Climbing into the cloud with Apache CloudStack


Everybody's talking about the OpenStack cloud, but many users prefer Apache's CloudStack – another open source cloud system with a long history and a more unified design.

A cloud management system is really just an API or a web interface that configures the underlying hypervisor infrastructure. But the devil lies in the details. Apache CloudStack helps administrators deploy and manage a cloud environment.

CloudStack was founded as a start-up and, after a stop-over at Citrix, finally ended up with the Apache Software Foundation, where it has seen several updates. CloudStack differs from its major open source competitor OpenStack in that all of the cloud system's components were developed together. (OpenStack is made up of several separately developed subprojects, which has some disadvantages in terms of deployment and operations, as well as increased complexity.) What CloudStack has going for it – in addition to its open source code and monolithic structure – is the fact that it is widespread. The management API, which is based on REST principles – helps third parties implement add-ons that extend the feature scope in many directions.

Complex System; Simple Architecture

Complex systems are easiest to understand if you look at the easiest implementation. Figure 1 shows a very simply representation of a CloudStack cluster.

Figure 1: Management and VM servers make up a simple CloudStack domain.

The intelligence of the cluster resides on the management server. A program running in a Tomcat container is responsible for managing and configuring the various instances. A MySQL database provides the storage; depending on your needs, the database can run locally or on a separate server. Another role the CloudStack server plays is managing or replicating ISO images and other images deployed in the context of setting up new virtual machine instances.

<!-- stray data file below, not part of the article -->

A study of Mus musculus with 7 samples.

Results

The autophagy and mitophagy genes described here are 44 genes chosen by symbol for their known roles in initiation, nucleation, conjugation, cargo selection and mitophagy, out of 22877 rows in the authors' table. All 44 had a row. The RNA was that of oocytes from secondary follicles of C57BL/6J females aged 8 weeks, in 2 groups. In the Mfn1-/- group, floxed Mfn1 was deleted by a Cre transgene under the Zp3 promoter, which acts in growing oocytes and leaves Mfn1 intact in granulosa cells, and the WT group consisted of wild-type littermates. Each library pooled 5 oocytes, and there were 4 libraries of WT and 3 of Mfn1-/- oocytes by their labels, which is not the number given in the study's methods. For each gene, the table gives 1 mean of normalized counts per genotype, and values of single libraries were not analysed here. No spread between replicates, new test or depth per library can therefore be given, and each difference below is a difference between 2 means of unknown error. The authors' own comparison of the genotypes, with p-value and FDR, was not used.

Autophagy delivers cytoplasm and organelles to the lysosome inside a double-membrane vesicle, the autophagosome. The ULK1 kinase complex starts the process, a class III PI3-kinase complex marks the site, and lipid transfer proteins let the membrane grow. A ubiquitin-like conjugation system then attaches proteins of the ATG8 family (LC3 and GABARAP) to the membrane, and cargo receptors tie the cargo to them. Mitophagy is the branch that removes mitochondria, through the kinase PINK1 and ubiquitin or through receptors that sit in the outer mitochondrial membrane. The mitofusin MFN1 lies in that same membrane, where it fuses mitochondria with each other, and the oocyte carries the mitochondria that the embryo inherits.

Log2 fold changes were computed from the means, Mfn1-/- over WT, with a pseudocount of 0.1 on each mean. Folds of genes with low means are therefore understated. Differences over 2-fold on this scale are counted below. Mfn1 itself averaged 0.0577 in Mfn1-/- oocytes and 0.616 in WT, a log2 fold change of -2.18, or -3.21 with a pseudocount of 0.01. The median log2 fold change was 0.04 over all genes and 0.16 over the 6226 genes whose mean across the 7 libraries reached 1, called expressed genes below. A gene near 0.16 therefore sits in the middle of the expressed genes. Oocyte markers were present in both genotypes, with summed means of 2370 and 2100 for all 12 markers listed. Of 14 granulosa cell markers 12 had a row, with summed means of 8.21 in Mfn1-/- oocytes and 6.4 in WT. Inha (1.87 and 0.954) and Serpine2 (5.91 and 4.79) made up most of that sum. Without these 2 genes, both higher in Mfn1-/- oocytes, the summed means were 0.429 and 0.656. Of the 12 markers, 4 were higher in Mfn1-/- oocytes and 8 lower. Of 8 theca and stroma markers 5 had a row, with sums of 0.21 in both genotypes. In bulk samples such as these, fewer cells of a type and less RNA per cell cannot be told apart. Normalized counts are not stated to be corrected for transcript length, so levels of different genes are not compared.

The actual work then takes place on "worker machines," which can either be virtual machines or legacy workstations running on a supported host system [1]. When this article went to press, CloudStack supported the following hypervisors:

  • Windows Server 2012 R2 (Hyper-V role must be active)
  • Hyper-V 2012 R2
  • CentOS 6.2 with support for KVM
  • Red Hat Enterprise Linux 6.2 with KVM support
  • XenServer 6.0.2, 6.1, 6.2 SPI
  • VMware 5.0, 5.1, 5.5

When you deploy a hypervisor system, all hot fixes offered by the vendor must be in place. The CloudStack developers assume the hypervisor you are using is state of the art. Listing patches will lead to undefined behavior. The feature scope offered on the virtual machines depends on your choice of hypervisor. The CloudStack documentation [2] has a table with the details.

A Question of Structure

Cloud systems are only rarely restricted to a single location. One of the most powerful selling points for cloud service providers is that their globally distributed data centers can provide computing power wherever the customer is. Apache's product is capable of implementing this kind of structure. CloudStack breaks down complex systems using the schema shown in Figure 2. Regions are used to represent countries and continents: A region groups zones that are in close geographical proximity. Each region has one or multiple dedicated management servers.

Figure 2: CloudStack organizes the network into regions and zones. A pod represents one or more racks of clusters.

Zones represent data centers where one or multiple pods – that is, racks of clusters – reside. Apache recommends defining pods based on the existing Layer 2 switches. The individual groups of machines are referred to as clusters, and the individual hypervisor servers are referred to as hosts. All of the listed elements do not need to exist in each deployment. In the case of a simple virtual machine provisioning server for a workgroup, deployment of regions and zones would be totally over the top. You can thus create a dummy zone and a dummy region that contain all the required elements.

Two-Tier Storage

CloudStack categorizes the storage available in the cluster into two groups. Primary storage contains the hard disk images of the individual virtual machines. The precise architecture depends on the hypervisor you use. Not every piece of hypervisor software can handle the three storage systems supported by CloudStack (NFS, iSCSI, Fiber Channel). The performance of the physical storage is definitive for the speed of the overall system: Slow primary storage results in slow I/O. Images, snapshots, and other information not required directly for running virtual machines reside on secondary storage, which is accessible via NFS. Because secondary storage is only used when setting up and removing virtual machines, the performance requirements are not as strict. Smaller deployments will tend to merge primary and secondary storage. A classical NFS server is often used as a universal storage system.